Coach, soldier, father

WSU coach changes the way he treats athletes based on his experiences in the military.



Soccer Assistant Coach Jon Harvey discusses the impact of the military on his life and his coaching style on Tuesday in Bohler.

JACLYN SEIFERT, Evergreen reporter

On the Lower Soccer Field, one coach is known for something more than just soccer. He is known for something a little different.

In Pullman, Jon Harvey is known as a soccer coach at WSU who shaped athletes to be better people since his service in the United States Navy.

As an assistant soccer coach, his awards from the United States Navy hang on the wall above his desk in the soccer team’s offices in Bohler Gym.

Harvey served in two decorated combat tours in the Al Anbar Province, Iraq in 2004 and 2005.

“It was intense. It was exhilarating. It was boring at times,” Harvey said. “It was one of the greatest experiences in my life for sure and something I am proud of, but not something that does defines who I am. It was just something that I did.”

Harvey said he did not enlist to be a patriot, but felt it was just something he had to do in his life. After his time serving, he said he felt lost and coaching soccer was where he found sanctuary.

“It was an awesome experience and something I recommend for people if you have lost your way or don’t have something in your life that drives you,” Harvey said. “The military gives you a lot of structure and opportunity to kind of find who you are as an individual.”

This also changed the way he coached his athletes.

“You don’t know somebody’s story, you don’t know maybe somebody is struggling with something,” Harvey said. “I think that’s a big thing we try to pass on to our players here.”

Graduate student goalkeeper Ella Dederick said Harvey helped her grow as a person.

“He has given me a lot of confidence and I am really appreciative of that,” Dederick said. “I just know after the game, he always comes up to me and always just tells me he is so proud of me.”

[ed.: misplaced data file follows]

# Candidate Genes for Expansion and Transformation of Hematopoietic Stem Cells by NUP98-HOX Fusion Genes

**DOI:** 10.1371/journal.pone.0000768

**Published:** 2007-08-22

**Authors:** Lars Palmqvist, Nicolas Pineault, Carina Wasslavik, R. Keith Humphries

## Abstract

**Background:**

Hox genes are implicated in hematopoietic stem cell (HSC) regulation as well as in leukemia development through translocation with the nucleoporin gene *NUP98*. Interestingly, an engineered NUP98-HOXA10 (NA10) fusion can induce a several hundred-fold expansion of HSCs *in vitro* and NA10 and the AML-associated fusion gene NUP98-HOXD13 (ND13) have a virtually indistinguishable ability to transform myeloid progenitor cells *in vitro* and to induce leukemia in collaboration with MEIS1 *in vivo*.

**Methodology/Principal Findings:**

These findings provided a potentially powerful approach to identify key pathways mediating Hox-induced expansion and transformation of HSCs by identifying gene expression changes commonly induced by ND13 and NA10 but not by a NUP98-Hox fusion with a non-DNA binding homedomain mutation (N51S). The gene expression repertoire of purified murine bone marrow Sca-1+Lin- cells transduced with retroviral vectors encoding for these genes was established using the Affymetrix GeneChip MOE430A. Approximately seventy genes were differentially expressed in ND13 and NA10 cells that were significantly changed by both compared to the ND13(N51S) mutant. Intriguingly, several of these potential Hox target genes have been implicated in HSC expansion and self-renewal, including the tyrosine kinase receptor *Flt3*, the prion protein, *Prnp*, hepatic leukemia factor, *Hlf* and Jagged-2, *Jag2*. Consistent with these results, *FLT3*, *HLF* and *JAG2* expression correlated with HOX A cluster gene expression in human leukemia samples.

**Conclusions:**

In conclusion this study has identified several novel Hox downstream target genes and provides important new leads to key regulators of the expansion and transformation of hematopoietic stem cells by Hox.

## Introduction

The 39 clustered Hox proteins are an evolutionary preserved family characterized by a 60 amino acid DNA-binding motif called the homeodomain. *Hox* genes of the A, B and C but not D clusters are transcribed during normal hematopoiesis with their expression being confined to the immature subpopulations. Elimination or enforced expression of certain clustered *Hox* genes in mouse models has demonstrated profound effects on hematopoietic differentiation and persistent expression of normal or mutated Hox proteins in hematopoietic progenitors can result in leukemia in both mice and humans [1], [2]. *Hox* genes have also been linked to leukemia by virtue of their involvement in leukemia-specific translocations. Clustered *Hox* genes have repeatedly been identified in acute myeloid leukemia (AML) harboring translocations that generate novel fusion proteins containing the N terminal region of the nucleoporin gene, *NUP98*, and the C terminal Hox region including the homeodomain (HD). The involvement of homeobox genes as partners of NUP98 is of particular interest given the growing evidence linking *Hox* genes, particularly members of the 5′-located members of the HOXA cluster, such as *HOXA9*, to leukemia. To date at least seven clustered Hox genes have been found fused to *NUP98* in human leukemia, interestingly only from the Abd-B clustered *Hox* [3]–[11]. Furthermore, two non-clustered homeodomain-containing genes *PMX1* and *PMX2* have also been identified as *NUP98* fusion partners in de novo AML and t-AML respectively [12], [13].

Dederick earned a spot on the United States U-23 Women’s National Team and All Pac-12 third team. She is the WSU soccer program’s all-time leader in wins and minutes and third in all-time saves. With 26, Dederick has the second all-time program career shutouts.

Jess Greer, who coaches alongside Harvey as coordinator of operations for the team, said he has been a mentor to her and treats her like family.

“He is a constant source of positivity and support for the girls,” Greer said. “I think his experiences from his military career have carried over into the coaching world, and he does his best to remind the girls this isn’t life and death and it has to be fun.”

Harvey starting his coaching career at North Georgia, which gave him the experience to get hired at WSU as the assistant coach and head recruiter.

Harvey recruited the current senior class that will lead the WSU soccer team into its first round into the NCAA Tournament against the No. 8 University of Memphis on Friday.

Harvey said he brings a unique perspective to shaping collegiate female athletes at Washington State beyond just the game of soccer.

“This is a great, enjoyable experience for student-athletes and young women in female’s sports to grow and mature,” Harvey said.

Head Coach Todd Shulenberger said Harvey has been an instrumental part of improving the WSU soccer program.

“More off the field, he is just an honest, down to earth person that cares about his program, cares about this team, cares about his coaches and players around him,” Shulenberger said

Harvey said the most important advice he gives his players is to remind them what they will be remembered for after the big saves or important goals they score.

“I am a big believer in that you are going to be remembered for how you treat people,” Harvey said. “Whether that was the equipment manager that you said thank you to for putting your jersey out, or your athletic trainer who taped your ankle, those guys are going to remember not the goals you scored, but how you treated them.”